Daughters and Cells of Lewes Priory

There were ten religious houses dependent on Lewes, eight in England and two in Normandy. Some of these were substantial priories and others small cells. The Monasticon Anglicanum 1825 is a rich source of information on the abbeys and monasteries of England and Wales, albeit before more recent scholarly enquiry. There are entries on all the English daughter houses of Lewes Priory. There are also links to further information on all the UK Cluniac sites.

Castle Acre

The Priory, Castle Acre
Wikimedia Commons image

Priory of Castle Acre, near Swaffham, Norfolk, founded by William de Warenne, 1st Earl of Surrey, about 1087 and dedicated to St Mary. Surrendered to the Crown in 1537. William's wife died at Castle Acre in 1085.
It is now an English Heritage property.

Castle Acre website
British History Online entry

Castle Acre also had dependent houses:

Priory of Bromholm founded in 1113 by William de Glanville and dedicated to St Andrew.

Cell of Slevesholm (also known as Methwold) founded in 1140 by William de Warenne, 3rd Earl of Surrey and dedicated to the the Blessed Virgin and St. Giles.

Priory of Mendham, Suffolk, was founded by William de Huntingfield before 1155 and dedicated to the Virgin Mary. After the dissolution it became a private residence which fell into decay and was eventually demolished in 1815.

Priory of Normansburgh founded about 1160 by William de Liseurs and dedicated to the Blessed Virgin and St John the Evangelist.


Remains of Thetford Priory
Wikimedia Commons image

Thetford Priory, Abbeygate, Thetford, Norfolk founded in 1103 by Roger Bigod 1st Earl of Norfolk and dedicated to Our Lady of Thetford. Dissolved in 1540. Site now under the care of English Heritage.

British History Online entry

Thetford had two dependent houses:

Priory of Little Horkesley: near Colchester Essex founded in 1135 by Robert de Horkesley.

Cell of Wangford: Wangford, Suffolk founded in 1159.


Prittlewell Priory
Image from Wikimedia Commons

Priory of Prittlewell, Southend, Essex, founded probably in 1110 and dedicated to the Virgin Mary by Robert fitzSweyn, who had received great land holdings from Edward the Confessor. He later gave the Priory to Lewes. After the dissolution it remained in private hands until it became the first museum of Southend in 1922.

Southend Museums
British History Online entry


St Laurence, Church, Steeple
Wikimedia Commons image

Priory of Stanesgate, Steeple, Maldon, Essex, founded in 1112 by Ralph, son of Brian, and dedicated to St Mary Magdalen.  It was dissolved in 1525 by an agent of Cardinal Wolsey when there was only the prior and two monks. The church was used as a barn but there is now little remaining above ground.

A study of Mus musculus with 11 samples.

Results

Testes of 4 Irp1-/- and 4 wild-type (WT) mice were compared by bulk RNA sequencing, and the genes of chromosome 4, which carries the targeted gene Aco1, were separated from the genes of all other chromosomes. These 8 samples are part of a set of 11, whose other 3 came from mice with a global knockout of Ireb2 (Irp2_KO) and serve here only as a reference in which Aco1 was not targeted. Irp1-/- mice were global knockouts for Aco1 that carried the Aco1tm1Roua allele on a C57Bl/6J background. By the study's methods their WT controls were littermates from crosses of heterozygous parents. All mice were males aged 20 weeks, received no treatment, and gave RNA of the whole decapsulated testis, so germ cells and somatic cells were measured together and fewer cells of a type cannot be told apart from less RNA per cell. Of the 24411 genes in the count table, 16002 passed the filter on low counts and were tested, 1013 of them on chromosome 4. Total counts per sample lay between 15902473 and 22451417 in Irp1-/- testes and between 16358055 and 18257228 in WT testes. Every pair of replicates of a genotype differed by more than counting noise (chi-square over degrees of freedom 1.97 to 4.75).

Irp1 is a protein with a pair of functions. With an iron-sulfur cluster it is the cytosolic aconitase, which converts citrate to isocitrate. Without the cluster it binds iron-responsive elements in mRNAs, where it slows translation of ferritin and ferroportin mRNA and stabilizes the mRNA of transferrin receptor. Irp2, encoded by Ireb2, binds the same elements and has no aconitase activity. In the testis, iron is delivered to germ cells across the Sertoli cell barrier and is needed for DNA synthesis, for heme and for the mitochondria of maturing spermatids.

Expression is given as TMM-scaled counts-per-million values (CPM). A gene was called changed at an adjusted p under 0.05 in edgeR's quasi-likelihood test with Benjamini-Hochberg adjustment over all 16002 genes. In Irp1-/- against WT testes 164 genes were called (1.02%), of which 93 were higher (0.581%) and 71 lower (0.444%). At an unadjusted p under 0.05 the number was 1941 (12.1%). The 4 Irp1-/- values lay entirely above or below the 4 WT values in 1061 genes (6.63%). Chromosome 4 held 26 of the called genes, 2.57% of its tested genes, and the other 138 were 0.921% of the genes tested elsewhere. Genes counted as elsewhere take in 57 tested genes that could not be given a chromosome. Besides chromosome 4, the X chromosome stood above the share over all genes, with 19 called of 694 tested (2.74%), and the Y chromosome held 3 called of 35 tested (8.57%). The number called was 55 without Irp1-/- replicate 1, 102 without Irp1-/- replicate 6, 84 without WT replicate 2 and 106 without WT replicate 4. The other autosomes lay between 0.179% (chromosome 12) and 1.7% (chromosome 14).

British History Online entry

Monkton Farleigh

Monks' Conduit
© Bradford on Avon Museum

Priory of Farleigh, Monkton Farleigh, near Bath, Somerset, founded probably by Maud, wife of Humphrey de Bohun, in 1125 and dedicated to St Mary Magdalen. At the dissolution there were only six monks and the property passed to the Dukes of Somerset under whose ownership it became Monkton Farleigh Manor.

British History Online entry



Clifford Castle ruins
© Humphrey Bolton. Wikimedia Commons image

Clifford Priory, Priory Farm, Clifford, Herefordshire, was founded by Simon Fitz Richard Fitz Ponce in 1129-30. It appears it was never an alien house but owed allegiance to Lewes.

Monks Horton

Horton Priory
© Adam Hinks. Creative Commons image

Priory of Horton, near Ashford, Kent, founded about 1142 by Robert de Vere and dedicated to St John the Evangelist. At the dissolution many of the buildings were demolished and the remainder became a private house.


Heacham Church
Public domain image

Cell of Hitcham. In 1085 the manor of Heacham, Norfolk was given by William de Warenne to a cell of Cluniac monks from Lewes to pray for the soul of his late wife Gundrada. After the dissolution, around 1541, the manor passed to Thomas Howard, 3rd Duke of Norfolk.

British History Online entry


There were two dependencies of Lewes in Normandy but information about them is scarce. Both were relatively poor with only a prior and one or two monks. It is thought that Mortemer was founded in the 11th and Etoutteville in the 12th century. They remained attached to Lewes until the loss of Normandy left them under the rule of France.